Development Services Chief Claims Permitting Times Improving

Building Permit
Building Permit | Image by Francesco Scatena/Shutterstock

The City of Dallas Development Services Department is issuing some residential permits within four days, the City’s chief building official told the Economic Development Committee this week.

As previously reported by The Dallas Express, the Development Services Department (DSD) has struggled with permit backlogs, long turnaround times, and various inefficiencies under former City Manager T.C. Broadnax, which has prompted complaints from developers and other stakeholders.

“You’ll notice that in 2021, it was taking us 78 days just … to issue one- and two-family building permits,” Andrew Espinoza said. “You’ve seen that steadily decrease. And for the year 2024, we’re averaging four days, so we’re very happy about our performance.”

Espinoza’s presentation to the Dallas City Council members on the committee included residential and commercial permit data for March. For the year, 679 permits have been issued for one- and two-family homes through April 30.

“For the month of March, we saw an increase in residential permits from 136 to 207,” Espinoza said. “That’s about a 52% increase. We issued 154 new single-family permits, 43 RSVP permits — which are permits that are issued the same day. For the month, we averaged three days, and for commercial, we had 15 new commercial, 23 commercial additions, and a whole bunch of commercial remodels.”

The total number of remodels was 233.

“In 2023, we established some specific goals,” Espinoza said. “And as a council body, you heard us [say] that we were going to reduce residential permitting times by 50% by March of 2023, that we’re going to hit our target of three to five business days for new single families, that we’re going to perform all of our initial plan reviews within 15 days.”

“We’re very happy to report that we have hit all of those targets,” he added.

On the commercial remodel side, permits issued increased from 216 in February to 233 in March. For “complex, large projects,” the number of permits issued over the same period increased from 11 to 15.

“In regard to the commercial metric, you’re doing well,” Council Member Paul Ridley (District 14) said. “You’re doing well, first, on the residential. You’re doing an excellent job. You’re consistently getting the permit turnaround time down to three, four days this year.”

During the meeting, Espinoza also described how DSD was recruiting and trying to retain employees.

“In July of 2023, we set up a training team, and the training team was designed to specifically empower and equip our team members to make quick decisions — informative decisions — and issue permits in a timely and consistent manner,” he said. “Those guiding principles are customer service, consistency, teamwork, integrity, and responsiveness.”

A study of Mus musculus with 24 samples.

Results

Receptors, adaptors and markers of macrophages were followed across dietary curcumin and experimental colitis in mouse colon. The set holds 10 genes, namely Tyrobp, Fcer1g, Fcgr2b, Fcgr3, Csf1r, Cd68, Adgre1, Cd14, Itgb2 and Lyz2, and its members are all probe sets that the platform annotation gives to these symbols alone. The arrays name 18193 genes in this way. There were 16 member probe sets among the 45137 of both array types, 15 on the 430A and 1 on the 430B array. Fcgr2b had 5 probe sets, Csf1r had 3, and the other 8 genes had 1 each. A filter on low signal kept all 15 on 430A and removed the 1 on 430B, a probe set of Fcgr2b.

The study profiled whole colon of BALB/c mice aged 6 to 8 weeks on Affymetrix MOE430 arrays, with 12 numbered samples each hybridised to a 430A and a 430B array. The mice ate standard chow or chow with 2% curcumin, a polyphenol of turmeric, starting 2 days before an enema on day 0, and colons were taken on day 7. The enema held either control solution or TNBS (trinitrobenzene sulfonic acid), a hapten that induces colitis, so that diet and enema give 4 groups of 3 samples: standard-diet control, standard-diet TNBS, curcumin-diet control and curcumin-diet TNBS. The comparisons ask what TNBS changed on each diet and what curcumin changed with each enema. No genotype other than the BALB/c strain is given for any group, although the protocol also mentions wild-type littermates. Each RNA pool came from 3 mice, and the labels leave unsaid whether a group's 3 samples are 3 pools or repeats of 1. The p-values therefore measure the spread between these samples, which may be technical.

During an April hiring event, the department received 124 applications and conducted 71 interviews. Twenty-nine offer letters were distributed “on the spot.”

“I think just about every month, I ask you the same question about the staffing levels,” Ridley said. “Forty total vacancies seems to be relatively consistent at that level … month after month. And when I’ve asked before, you’ve responded, ‘Well, we’re hiring a lot of people. But it’s the retention that means that we’re staying at about the same level.’ Is that still the case?”

Espinoza told the council member he was “absolutely correct.”

“We have not seen a significant decrease in the vacancies,” Espinoza said. “I think what has happened [is] the changes, relocation [and] some of our operational decisions have encouraged folks to find something closer to home or find salaries in other municipalities that are either comparable or better. So, to answer your question about what we’re doing to try to retain team members: one is to incentivize them through an incentive pay program.”

Espinoza also mentioned the launch of an employee referral program.

“And then the third one is just to try to provide a good working environment where you invest in team members, show that you care about them so that they’ll want to be there. And then, of course, the very last piece of that is assessing their salaries to make sure that we are being competitive and able to keep up with surrounding cities,” he said.

With 372 employees, the DSD budget stands at around $54 million.

“I’m wondering if once they start to work, they’re somehow disappointed in — I don’t know — working conditions, responsibility, possibility for advancement,” Ridley said. “Is there enough focus being placed on informing the applicants about just what the job entails?”

Ridley recommended conducting exit interviews with DSD employees.

“So, council member, I agree [that] we can definitely do a better job upfront of letting applicants know what to expect when they come on,” Espinoza said. “We kind of assume that they know what they’re signing up for. But you’re right. Sometimes, not having that clear picture could impact their decision to remain.”